Chicago Is Trapped in the Jaws of an Ideologue Mayor

April 4, 2024

Ideologues make poor elected officials

Last April, in an election that saw one of the lowest voter turnouts in recent memory, Chicagoans elected Brandon Johnson mayor with 52 percent of the vote. 

When voters sent Johnson to City Hall, they thought they had elected a former CPS teacher, an organizer with the Chicago Teachers Union (CTU), and a Cook County commissioner as its 57th mayor. Johnson’s resume is undeniably true. 

Nonetheless, Chicagoans also elected a left-wing ideologue as mayor.

During the 2023 mayoral campaign, Johnson rejected the police-first crime fighting strategy supported by his moderate opponent, Paul Vallas, instead favoring a "root causes" approach to law enforcement. However, Johnson sheepishly backed away from his 2020 statement that defunding the police was “an actual, real political goal,” In a debate with Vallas, he claimed: “I said it was a political goal. I never said it was mine.”

Yeah, right. 

Johnson's transition report was filled with plans to enact progressive reforms, including putting the Bring Chicago Home ordinance on the ballot. A “yes” vote on that referendum would have raised the real estate transfer tax on properties valued over $1 million, while slightly lowering it on transfers below that amount. 

"Us versus them!" they seem to say. "Eat the rich!"

Despite the rosy projections of raising the real estate transfer tax, last month, voters rejected the referendum at the polls. Astonishingly, when asked about the defeat of the referendum, Mayor Johnson deflected from the flaws of Bring Chicago Home and blamed its defeat on supporters of Donald Trump. Only four years ago in the 2020 general election, Trump collected a meager 15 percent of the vote in Chicago.

Ideologues speak in absolutes. They are not so good at practicalities. Brandon Johnson's inner circle is filled with like-minded thinkers. The one major exception was chief of staff Rich Guidice, who announced his resignation after the defeat of Bring Chicago Home. The mayor's closest allies on the City Council are its progressives and the members of the Chicago Democratic Socialist Caucus.

Johnson lives and governs in a leftist echo chamber.

It is not just a government thing, there are ideologues in the private sector too. Think of, for example, a holder of an MBA who one day is your new boss. Everything is by the book — his book — the MBA Book. However, the MBA Way doesn’t work in the real world — the non-academic world. Or on the other hand, imagine an old-timer managing the office next to yours, who says: “We did things that way in the 1980s, it worked then, and it cannot possibly fail now — we’re not changing!” 

Unless these corporate ideologues change course, both end up failing and getting fired. 

But in government it's possible for bad leaders to fail upwards — Secretary of Transportation Pete Buttigieg comes to mind — as does Brandon Johnson. That critique of Johnson might seem harsh, but can anyone name one accomplishment during his five years as a county commissioner? Johnson certainly didn’t campaign on any. A middle approach to governing is better.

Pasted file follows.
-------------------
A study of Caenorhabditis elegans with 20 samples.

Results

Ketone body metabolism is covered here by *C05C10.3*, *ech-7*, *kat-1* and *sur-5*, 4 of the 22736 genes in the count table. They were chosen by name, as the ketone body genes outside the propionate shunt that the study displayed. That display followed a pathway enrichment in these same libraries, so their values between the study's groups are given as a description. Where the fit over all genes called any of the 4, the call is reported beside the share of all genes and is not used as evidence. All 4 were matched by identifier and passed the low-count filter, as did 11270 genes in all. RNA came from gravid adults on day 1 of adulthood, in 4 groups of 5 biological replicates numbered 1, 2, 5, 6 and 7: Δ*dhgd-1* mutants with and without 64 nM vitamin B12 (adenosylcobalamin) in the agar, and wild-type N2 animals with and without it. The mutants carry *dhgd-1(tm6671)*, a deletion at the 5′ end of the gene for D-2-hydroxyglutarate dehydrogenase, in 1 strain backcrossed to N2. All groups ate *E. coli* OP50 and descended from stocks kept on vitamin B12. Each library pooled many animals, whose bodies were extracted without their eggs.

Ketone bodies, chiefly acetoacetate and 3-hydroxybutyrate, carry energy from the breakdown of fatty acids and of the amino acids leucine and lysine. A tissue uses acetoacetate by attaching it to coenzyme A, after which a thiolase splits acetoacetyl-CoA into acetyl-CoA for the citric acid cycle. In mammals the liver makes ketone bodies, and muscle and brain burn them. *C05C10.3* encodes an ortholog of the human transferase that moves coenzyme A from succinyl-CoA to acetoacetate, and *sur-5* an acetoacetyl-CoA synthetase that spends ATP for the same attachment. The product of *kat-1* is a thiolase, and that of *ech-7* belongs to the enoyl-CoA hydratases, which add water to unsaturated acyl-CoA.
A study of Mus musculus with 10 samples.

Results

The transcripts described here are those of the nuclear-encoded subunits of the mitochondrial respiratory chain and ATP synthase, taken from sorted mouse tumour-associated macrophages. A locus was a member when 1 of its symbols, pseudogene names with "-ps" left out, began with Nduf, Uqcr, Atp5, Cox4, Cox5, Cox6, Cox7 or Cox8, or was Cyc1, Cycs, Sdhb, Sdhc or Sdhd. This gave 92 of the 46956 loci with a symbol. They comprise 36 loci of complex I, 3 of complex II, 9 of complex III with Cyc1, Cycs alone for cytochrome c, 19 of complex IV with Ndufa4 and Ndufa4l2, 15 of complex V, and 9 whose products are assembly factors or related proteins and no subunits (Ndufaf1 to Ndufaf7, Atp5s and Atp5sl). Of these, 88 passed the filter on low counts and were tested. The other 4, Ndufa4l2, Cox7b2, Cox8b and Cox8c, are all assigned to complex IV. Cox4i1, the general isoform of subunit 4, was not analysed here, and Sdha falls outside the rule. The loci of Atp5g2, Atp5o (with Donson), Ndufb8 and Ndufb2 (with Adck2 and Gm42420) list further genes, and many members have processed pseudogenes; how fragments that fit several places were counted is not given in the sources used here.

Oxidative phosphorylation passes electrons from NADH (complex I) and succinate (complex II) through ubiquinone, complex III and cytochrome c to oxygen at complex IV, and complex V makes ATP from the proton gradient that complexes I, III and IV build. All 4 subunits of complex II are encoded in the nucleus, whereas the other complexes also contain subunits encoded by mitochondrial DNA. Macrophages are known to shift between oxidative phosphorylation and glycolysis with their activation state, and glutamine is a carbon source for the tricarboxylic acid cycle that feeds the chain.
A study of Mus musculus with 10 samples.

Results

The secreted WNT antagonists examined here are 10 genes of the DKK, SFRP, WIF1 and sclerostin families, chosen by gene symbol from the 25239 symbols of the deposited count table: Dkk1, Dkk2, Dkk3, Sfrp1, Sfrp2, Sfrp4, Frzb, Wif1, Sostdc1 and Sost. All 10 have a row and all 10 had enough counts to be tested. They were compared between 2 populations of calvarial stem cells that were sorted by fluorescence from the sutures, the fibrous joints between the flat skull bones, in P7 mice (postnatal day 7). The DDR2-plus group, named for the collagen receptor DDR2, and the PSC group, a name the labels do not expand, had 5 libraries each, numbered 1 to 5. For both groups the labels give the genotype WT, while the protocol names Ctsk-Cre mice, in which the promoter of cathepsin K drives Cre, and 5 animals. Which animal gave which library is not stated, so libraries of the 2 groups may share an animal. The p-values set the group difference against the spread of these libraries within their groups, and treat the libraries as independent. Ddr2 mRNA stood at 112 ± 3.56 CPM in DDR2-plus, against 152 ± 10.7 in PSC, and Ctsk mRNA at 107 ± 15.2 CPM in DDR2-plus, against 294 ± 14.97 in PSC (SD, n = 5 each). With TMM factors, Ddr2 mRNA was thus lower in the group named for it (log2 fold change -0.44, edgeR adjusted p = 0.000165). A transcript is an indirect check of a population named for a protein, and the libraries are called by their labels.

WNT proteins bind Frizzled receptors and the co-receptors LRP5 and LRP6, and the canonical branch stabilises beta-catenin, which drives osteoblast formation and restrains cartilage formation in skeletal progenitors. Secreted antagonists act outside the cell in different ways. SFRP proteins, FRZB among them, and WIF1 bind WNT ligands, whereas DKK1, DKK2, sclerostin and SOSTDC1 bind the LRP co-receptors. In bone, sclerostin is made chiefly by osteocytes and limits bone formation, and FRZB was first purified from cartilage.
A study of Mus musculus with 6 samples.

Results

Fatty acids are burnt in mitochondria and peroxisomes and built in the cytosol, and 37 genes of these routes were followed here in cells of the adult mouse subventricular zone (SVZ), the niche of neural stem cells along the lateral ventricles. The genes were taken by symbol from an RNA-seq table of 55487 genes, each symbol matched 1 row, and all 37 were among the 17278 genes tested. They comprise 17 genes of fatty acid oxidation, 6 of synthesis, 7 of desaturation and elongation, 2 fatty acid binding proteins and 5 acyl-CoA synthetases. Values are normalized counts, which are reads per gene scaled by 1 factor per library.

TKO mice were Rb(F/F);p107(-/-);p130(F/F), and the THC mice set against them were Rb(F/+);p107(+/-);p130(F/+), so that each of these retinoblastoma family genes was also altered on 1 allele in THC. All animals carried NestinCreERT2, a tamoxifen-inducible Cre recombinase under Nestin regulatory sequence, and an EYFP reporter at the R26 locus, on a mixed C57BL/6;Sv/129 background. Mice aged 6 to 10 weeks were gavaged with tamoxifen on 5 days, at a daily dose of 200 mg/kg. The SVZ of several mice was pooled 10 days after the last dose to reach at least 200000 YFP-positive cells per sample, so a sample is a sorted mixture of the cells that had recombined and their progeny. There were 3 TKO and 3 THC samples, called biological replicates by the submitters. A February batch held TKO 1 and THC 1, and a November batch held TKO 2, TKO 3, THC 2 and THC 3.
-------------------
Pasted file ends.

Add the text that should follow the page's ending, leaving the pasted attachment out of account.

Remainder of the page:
A classic movie offers another lesson.

In the 1975 film Jaws, the old sea salt, Captain Quint, mocks the rich college graduate marine biologist Matt Hooper for bringing sophisticated nautical gear onto his boat as they embark on their mission to slay a killer shark terrorizing the inhabitants of tiny Amity Island. The captain knows everything about subduing sharks, right? The great white shark proves the captain wrong. After handing Hooper and Chief Brody life jackets, Quint humbly asks: “Hooper, what exactly can you do with these things of yours?”

Hooper devises a plan to slay the man eater, but this, too, fails. Eventually, Brody, in a haphazard but effective fashion, kills the shark by shooting a compressed air tank lodged in the great white's mouth.

Chicago needs a similar approach to Brody's outlook regarding governing, sans the explosion of course. Ideology is not an effective tool to govern.

At a press conference on Monday, Johnson announced the hiring of Sendy Soto as Chicago's first homelessness officer. In this role, Soto will be responsible for creating a five-year plan to address homeless issues. The timing is convenient for the mayor, as the plan will expire two years after Johnson's first term ends. 

Consistent with much of what Mayor Johnson has proposed in his first year in office, Soto did not offer specifics on how her plan will address homelessness. 

The lesson from other cities is not encouraging if you hope for success in the fight against homelessness in Chicago.

Decades ago, in 1993, Los Angeles and Los Angeles County created the Los Angles Homeless Services Authority. Only eight years ago, San Francisco ignored the fiasco in Los Angeles and created its Department of Homelessness and Supportive Housing in 2016. By all accounts, the homeless population has soared in both cities since the creation of these agencies.

Johnson, rather than expressing humility on the defeat of Bring Chicago Home at the Soto press conference, doubled down on his absolutist us-versus-them rhetoric. “If my advocacy is defiant,” Johnson bellowed, “what does that say about the systems who wish to keep people without dignity and unhoused? I call it wicked.”


In a civil society, political opponents are not deemed "wicked" by those in leadership positions. Ideologues speak in that manner. And Chicago has an ideologue as its mayor.